Changchun, China — As the circulation of the Chinese Yuan in the North Korean markets increases, it is suggested that the value of the North Korean won will continue to fall.
A source from North Korea said in a phone conversation with the Daily NK on the 29th, “In the jangmadang nowadays, there is nothing one cannot buy with Chinese currency. There is no longer even the need to convert into our own money (the North Korean won).”
The source added, “In Chosun (North Korea) nowadays, one can buy a kilogram of rice anywhere for 5 Yuan. Merchants, in particular, like the Chinese currency.”
According to the source, direct transactions in the PRC’s currency began in the fall of last year. In a significant part of the border regions (in North Hamkyung, Yangkang, Jagang Provinces, and Shinuiju) 50 and 100 Yuan notes began to circulate, usually in residential deals and in the sales of furniture and electronic goods.
However, since the first half of this year, with the rapid rise in general food prices in the country, the source elaborated that 5, 10, and 20 Yuan notes began to appear in the purchase of daily necessities in public markets.
According to the Daily NK’s research, the exchange rate for one Yuan in North Korea at the end of June was 435 won in Pyongyang, 440 won in Wonsan, 435 won in Shinuiju, 430 won in Hamheung, 450 won in Hoiryeong, and 445 won in Chongjin. When compared to the Daily NK’s research last December, it can be seen that the value of the North Korean won has declined 5 to 20 won in each region.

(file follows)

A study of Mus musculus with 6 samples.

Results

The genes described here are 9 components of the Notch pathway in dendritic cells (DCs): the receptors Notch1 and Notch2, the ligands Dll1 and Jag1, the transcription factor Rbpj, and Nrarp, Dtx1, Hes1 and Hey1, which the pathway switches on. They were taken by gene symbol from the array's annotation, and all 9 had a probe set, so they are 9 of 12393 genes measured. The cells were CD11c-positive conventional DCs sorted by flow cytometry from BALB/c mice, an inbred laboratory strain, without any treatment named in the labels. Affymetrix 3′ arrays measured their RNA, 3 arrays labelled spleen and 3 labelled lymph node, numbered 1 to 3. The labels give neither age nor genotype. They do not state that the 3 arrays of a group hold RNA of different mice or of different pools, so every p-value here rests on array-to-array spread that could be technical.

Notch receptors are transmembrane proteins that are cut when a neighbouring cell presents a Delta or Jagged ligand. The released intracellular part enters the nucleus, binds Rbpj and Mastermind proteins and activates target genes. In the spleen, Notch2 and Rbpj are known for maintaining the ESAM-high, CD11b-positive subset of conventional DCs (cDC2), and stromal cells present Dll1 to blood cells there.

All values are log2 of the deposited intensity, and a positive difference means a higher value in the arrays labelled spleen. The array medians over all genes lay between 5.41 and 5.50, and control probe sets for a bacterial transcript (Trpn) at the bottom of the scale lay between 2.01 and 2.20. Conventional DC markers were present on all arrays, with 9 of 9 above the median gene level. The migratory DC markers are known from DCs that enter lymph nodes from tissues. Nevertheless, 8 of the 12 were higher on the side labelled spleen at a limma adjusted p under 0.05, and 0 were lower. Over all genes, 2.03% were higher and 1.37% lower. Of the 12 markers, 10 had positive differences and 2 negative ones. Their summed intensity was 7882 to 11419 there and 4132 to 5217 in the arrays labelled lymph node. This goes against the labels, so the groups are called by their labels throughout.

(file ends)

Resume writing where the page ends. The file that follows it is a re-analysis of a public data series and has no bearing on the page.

The source added, “In Hoiryeong, and other border cities, the price of a kilogram of rice being equivalent to 5 Yuan is engrained in the people’s minds.”
He explained, “Among ordinary citizens, the fact that a yardstick for the price of food is changing to the Yuan symbolizes “disobedience” towards our (North Korean) currency. With the devaluing of the North Korean currency, people are flocking to the dollar or to the Yuan.”
Additionally, the source noted, “Average citizens do not know the market exchange rate of the Yuan, which is constantly changing, so the merchants believe that they can gain from dealing in the Yuan.”
He explained, “Until now, only money changers in the border region had Chinese money and in major cities of the southern provinces, the merchants usually dealt in the dollar or in the euro. However, nowadays, with those in the southern regions trading frequently with China, the Yuan is often exchanged for the dollar in the border area.”
One source in Yangkang Province said in a phone conversation with the Daily NK on the 28th, “Smugglers have also played a big role in the growth of Yuan exchange. These days, people in their 20s carry several tens of Yuan to gain acceptance.”
The source explained, “It is a trend among the wives of officials to deal in the Yuan in the jangmadang even when they have North Korean currency. Using Chinese money is seen as a symbol of a person’s wealth and power.”
He added, “People in the border region try not to carry around North Korean money if they can. Even until just a few years ago, only the rich had access to the Yuan, but these days everyone is trying to get a hold of the Chinese currency.”
Finally, the source predicted, “As long as the state fails to resume normal food distribution and the state-operated stores do not sell products, the Yuan will soon take over as the standard currency for all transactions.”